When people speak of Vancouver, usually it’s about the city’s surrounding landscape of mountains, coastline and beaches. Seldom does the conversation begin with our vibrant art scene. What’s often unrecognized is the high concentration of artists that live here. Some of the biggest names and innovators of art have come from our city. With that in mind, filmmakers Harry Killas and Ric Beairsto showcase the local scene in their documentary Picture Start. Director Killas and producer Beairsto intimately chronicle how three artists—Jeff Wall, Rodney Graham and Ian Wallace—began their artistic journey with a coy reluctance in the art world of the ‘60s, only to create their own counterculture via conceptualism. This genre inspired and challenged others artists, creating a ripple effect, first among local, and then other artists abroad. Conceptualist photography was used substantially as a counterculture to high art because so many unorthodox things could be done through this medium. Many see Wall’s existing work and early photography as the reason why this medium rose from obscurity to being displayed in major art exhibits around the world. Although Graham started his work in photography, his range has since become fairly broad, including paintings, sculpture and video. Wallace’s current work mainly focuses on documentary snapshots juxtaposed with monochrome painting embedded within elegant graphic design.
Shot in Vancouver, New York, Ontario, Paris, Barcelona and Dresden, the film provides aesthetically appealing cinematography as well music to captivate the viewer beyond the story itself.
Picture Start also takes a pleasant humanist approach as it shows how Wallace, Wall and Graham not only evolve professionally as artists, but also how they’ve managed to stay colleagues and friends. In the early to mid ‘70s, they often held jam sessions along with local artists Kitty Byrne, Colin Griffiths, Danice McLeod, Frank Ramirez and David Wisdom. It was a way for them to unwind, and was yet another medium for Wallace, Wall and Graham to apply conceptualism and counterculture ethos through music.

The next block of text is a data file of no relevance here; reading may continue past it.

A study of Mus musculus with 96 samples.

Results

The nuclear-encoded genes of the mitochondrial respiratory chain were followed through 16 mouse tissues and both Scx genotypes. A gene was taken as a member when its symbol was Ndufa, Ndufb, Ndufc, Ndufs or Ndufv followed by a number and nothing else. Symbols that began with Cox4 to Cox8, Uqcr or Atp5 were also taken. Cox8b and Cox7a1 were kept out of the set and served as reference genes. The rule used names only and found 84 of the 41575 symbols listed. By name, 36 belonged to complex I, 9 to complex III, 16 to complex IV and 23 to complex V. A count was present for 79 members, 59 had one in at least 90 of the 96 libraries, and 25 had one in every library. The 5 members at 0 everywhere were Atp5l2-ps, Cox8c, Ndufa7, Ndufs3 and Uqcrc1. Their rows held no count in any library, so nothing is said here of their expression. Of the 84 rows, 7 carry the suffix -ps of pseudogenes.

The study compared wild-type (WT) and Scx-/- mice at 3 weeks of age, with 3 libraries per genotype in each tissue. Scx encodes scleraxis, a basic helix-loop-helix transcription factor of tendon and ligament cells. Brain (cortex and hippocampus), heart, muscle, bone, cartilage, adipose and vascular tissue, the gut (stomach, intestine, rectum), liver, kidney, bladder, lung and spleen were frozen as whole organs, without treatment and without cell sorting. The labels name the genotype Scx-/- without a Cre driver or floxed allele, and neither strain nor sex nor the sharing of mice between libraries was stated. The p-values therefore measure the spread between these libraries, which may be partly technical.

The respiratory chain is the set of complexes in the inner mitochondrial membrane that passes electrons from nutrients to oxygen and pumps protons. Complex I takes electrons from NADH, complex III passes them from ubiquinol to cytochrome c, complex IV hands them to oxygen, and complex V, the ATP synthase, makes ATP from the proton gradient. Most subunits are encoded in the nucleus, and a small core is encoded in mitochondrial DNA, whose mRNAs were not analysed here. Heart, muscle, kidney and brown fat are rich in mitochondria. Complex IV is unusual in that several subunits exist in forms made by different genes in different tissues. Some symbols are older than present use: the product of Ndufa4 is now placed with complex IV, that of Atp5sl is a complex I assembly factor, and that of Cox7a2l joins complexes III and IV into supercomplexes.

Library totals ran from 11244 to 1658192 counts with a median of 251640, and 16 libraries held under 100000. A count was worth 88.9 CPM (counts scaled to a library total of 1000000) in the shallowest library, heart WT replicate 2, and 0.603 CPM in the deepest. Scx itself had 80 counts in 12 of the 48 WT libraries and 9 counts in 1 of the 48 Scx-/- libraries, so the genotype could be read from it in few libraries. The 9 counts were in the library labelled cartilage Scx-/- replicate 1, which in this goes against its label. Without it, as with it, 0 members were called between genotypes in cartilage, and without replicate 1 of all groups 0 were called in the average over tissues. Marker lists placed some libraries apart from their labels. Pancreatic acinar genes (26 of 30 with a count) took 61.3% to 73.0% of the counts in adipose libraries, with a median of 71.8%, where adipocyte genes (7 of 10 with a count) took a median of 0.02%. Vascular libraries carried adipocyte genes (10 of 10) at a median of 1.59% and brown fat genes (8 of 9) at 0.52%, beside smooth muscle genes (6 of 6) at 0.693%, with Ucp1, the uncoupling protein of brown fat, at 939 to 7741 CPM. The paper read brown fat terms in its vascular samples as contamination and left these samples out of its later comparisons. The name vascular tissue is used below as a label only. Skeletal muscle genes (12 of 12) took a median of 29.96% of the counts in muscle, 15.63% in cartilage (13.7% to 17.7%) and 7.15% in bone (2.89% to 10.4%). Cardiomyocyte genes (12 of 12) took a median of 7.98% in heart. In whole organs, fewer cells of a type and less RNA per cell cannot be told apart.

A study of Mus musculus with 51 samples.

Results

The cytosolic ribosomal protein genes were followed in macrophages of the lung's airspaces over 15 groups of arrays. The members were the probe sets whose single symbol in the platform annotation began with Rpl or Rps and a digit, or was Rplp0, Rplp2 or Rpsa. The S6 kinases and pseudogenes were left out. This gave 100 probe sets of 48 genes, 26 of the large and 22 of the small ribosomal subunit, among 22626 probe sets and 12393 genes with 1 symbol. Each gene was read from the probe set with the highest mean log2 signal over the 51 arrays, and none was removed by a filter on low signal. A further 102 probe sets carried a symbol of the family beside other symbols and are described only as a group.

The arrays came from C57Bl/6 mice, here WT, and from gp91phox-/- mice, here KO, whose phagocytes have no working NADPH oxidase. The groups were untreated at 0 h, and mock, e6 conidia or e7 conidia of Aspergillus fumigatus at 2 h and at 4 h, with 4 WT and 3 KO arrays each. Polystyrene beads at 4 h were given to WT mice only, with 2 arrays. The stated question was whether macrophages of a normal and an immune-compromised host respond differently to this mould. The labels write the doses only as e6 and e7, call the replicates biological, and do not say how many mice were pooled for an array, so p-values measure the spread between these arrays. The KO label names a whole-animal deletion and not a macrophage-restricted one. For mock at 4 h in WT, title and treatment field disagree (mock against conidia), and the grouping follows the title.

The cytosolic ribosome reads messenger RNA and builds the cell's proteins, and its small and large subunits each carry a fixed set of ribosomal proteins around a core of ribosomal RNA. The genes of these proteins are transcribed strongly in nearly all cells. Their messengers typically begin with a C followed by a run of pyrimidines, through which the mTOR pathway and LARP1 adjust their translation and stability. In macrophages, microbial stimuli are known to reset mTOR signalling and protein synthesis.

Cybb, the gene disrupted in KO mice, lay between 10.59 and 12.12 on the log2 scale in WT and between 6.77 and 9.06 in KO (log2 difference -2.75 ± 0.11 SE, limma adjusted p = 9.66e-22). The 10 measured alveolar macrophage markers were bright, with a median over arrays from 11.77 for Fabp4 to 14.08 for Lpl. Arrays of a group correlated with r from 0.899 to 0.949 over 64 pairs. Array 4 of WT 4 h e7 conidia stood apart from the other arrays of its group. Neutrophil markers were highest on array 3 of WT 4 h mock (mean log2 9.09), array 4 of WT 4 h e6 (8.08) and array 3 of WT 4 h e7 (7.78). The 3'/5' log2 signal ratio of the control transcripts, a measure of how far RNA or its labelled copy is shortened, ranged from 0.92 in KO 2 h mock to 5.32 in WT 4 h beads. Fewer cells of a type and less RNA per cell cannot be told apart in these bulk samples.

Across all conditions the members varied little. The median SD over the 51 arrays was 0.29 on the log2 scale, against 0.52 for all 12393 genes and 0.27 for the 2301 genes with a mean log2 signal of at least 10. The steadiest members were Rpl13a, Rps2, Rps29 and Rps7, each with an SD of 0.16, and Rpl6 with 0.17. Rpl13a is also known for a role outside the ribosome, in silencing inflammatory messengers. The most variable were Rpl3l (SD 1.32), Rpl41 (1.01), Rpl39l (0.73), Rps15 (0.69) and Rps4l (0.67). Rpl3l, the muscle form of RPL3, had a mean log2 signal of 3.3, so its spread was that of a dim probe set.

Eventually, Wallace, Wall and Graham formed the punk band UJ3RK5. The trio quickly gained a cult following and were even offered a contract by a major record label. Graham was willing to sign, but Wallace and Wall were not ready to quit their established day jobs and wanted to develop post-conceptual photography further.
Although Wallace, through his teachings in the late ‘60s, was a mentor to many in the Vancouver arts community, Wall and Graham were always his contemporaries. Wall was only three years younger than Wallace when he studied under him at UBC; Graham was only a few years younger as well. Regardless, they each shared an unparalleled devotion towards the arts, in particular with photography. Before the artists took their baby steps into the arts frontier, photography had a very minor and almost non-exist presence in art galleries. The trio’s various conceptualist experiments, such as framing unorthodox shots through windshields or a project of Wall’s that recreated a Russian ambush on Afghanistan, propelled the medium from an obscure genre to being presented at major exhibits abroad.
The trio’s devotion to create and evolve photoceptualism inspired other artists into a frenzy; artists like Christos Dikeakos would later apply conceptualist ideas by pouring buckets of glue down a hillside and then taking pictures of it.
Many argue strongly that conceptualism, and more specifically photoceptualism, was conceived by Wall, Graham and Wallace. Ultimately, the three Vancouver artists not only pioneered a new mindset and approach to art, but elevated the art of photography to unparallelled heights that allowed the medium to expand into galleries around the world.
Picture Start premieres at DOXA Documentary Film Festival on May 13 at 6:30pm and will be broadcast on Bravo! on May 16 at 5pm.